Angry Birds, Temple Run….What Happened?

I was hanging out with my friends the other day and I look over across the room to see that one of my friends was playing Tiny Tower. Tiny Tower for those who don’t know is a game for iOS and android released in 2011 where players manage a tower filled with virtual people called “bitzens”. The goal is to keep adding new floors that are either residential or commercial and of course make as much profit as possible. When I saw my friend playing this, I immediately shouted “what a throwback!”

During freshman year of high school, my friends and I would constantly be playing this game either stocking our stores, employing our bitzens, or renting out apartments to new bitzens. As I fondly looked back at those memories I thought about all the other phone games that have come and gone over the course of the history of the smartphone. I thought about how a model of a successful iPhone game involves getting people addicted to the product for about three months only to completely drop off the face of the Earth when people realize that this simple game isn’t that fun.

 

Image result for angry birds gameplay
Angry Birds, while having a successful franchise with a movie release under their belt, still falls under this category of game. Think about it…who plays Angry Birds anymore?

 

You don’t realize this is the formula until you actually think back at all those games you used to play. Temple Run got everyone hooked with the fact that the world is endless. This game involves players being chased by monkeys in an abandoned temple. This chase is never ending. There is no finish line, no checkpoints, just constant running and obstacles. This is addicting. Once you die and get a score, you can easily say “one more game, I can get a little bit farther next time”. Freshman year of high school, I remember walking down the rows of tables in the cafeteria and seeing at least one person per table trying to beat their previous score. Not to mention this game was the top grossing iOS app of that year. But then everyone got bored. And I haven’t seen anyone play that app since.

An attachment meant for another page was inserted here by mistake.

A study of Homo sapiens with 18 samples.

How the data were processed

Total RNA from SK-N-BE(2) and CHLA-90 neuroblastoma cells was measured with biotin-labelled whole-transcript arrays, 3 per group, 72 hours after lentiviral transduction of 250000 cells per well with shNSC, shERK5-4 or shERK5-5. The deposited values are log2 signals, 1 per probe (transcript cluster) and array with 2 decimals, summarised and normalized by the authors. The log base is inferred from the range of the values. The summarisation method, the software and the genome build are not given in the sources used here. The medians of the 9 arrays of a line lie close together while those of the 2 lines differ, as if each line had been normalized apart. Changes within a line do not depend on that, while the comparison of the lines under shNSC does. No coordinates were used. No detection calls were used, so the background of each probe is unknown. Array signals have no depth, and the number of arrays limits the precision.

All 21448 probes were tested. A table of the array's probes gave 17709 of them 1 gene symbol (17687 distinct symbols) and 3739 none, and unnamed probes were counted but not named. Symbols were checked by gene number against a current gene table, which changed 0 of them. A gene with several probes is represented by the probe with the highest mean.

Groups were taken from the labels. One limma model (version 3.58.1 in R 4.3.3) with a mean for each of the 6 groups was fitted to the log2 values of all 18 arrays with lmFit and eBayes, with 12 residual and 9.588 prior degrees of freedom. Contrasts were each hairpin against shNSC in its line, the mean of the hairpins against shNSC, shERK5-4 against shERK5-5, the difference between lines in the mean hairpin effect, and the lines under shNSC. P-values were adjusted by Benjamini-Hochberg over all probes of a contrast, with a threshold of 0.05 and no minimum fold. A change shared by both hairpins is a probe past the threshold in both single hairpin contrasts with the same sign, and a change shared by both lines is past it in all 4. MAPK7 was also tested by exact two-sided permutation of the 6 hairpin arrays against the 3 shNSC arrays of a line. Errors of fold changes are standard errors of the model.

Same thing with those interactive games that allow you to play with your Facebook friends. Words with Friends and Draw Something both had their respective 15 minutes of fame. Even though these were just Scrabble and Pictionary in an app, people got addicted because they would make their move and then have to wait patiently for their friend. Their friend could be out shopping or in class and not have time to play. It kept people always waiting and always thinking about the game. And people LOVED it. I remember seeing people with 5 or 6 games going at once. Hell, I had 5 or 6 games of Words with Friends going at once at one point. But then people move on.

A more recent example is Pokémon Go. I remember having a conversation with my friend while we were walking down Main Street catching Pokémon surrounded by hundreds of kids looking at their phones and he was amazed at the app’s impact. “It’s a game that you can play anywhere and have a different experience depending on where you are. It makes you go out and play it. This is going to be around for awhile. There’s so much to do, people wont get sick of it.” I remember shaking my head and saying the hype wont last. I was right. While it’s still a cool concept and people still play it, there is not nearly as much hype surrounding the game as there was over the summer.

So why do we get so addicted to these phone games and drop them like a bad habit? We drop them to the point where I don’t even remember the last time I saw someone play Angry Birds. Well it’s our generation’s version of a “fad”. There are always things in culture that are trending and are “in now” but then they get pushed aside by the next thing because we live in a forward moving culture. Just like how hair metal was so cool in the 80’s and lame in the 90’s, Angry Birds was cool in 2009 and now no one plays it.


  1. Good post. Honestly, I think everything runs its course after a while. After There are still millions of people that play games like Angry Birds and Pokemon Go, but they’re the players who find something in those games. I just think that casual audiences get bored after a while and will always jump to the next “new and fresh” craze.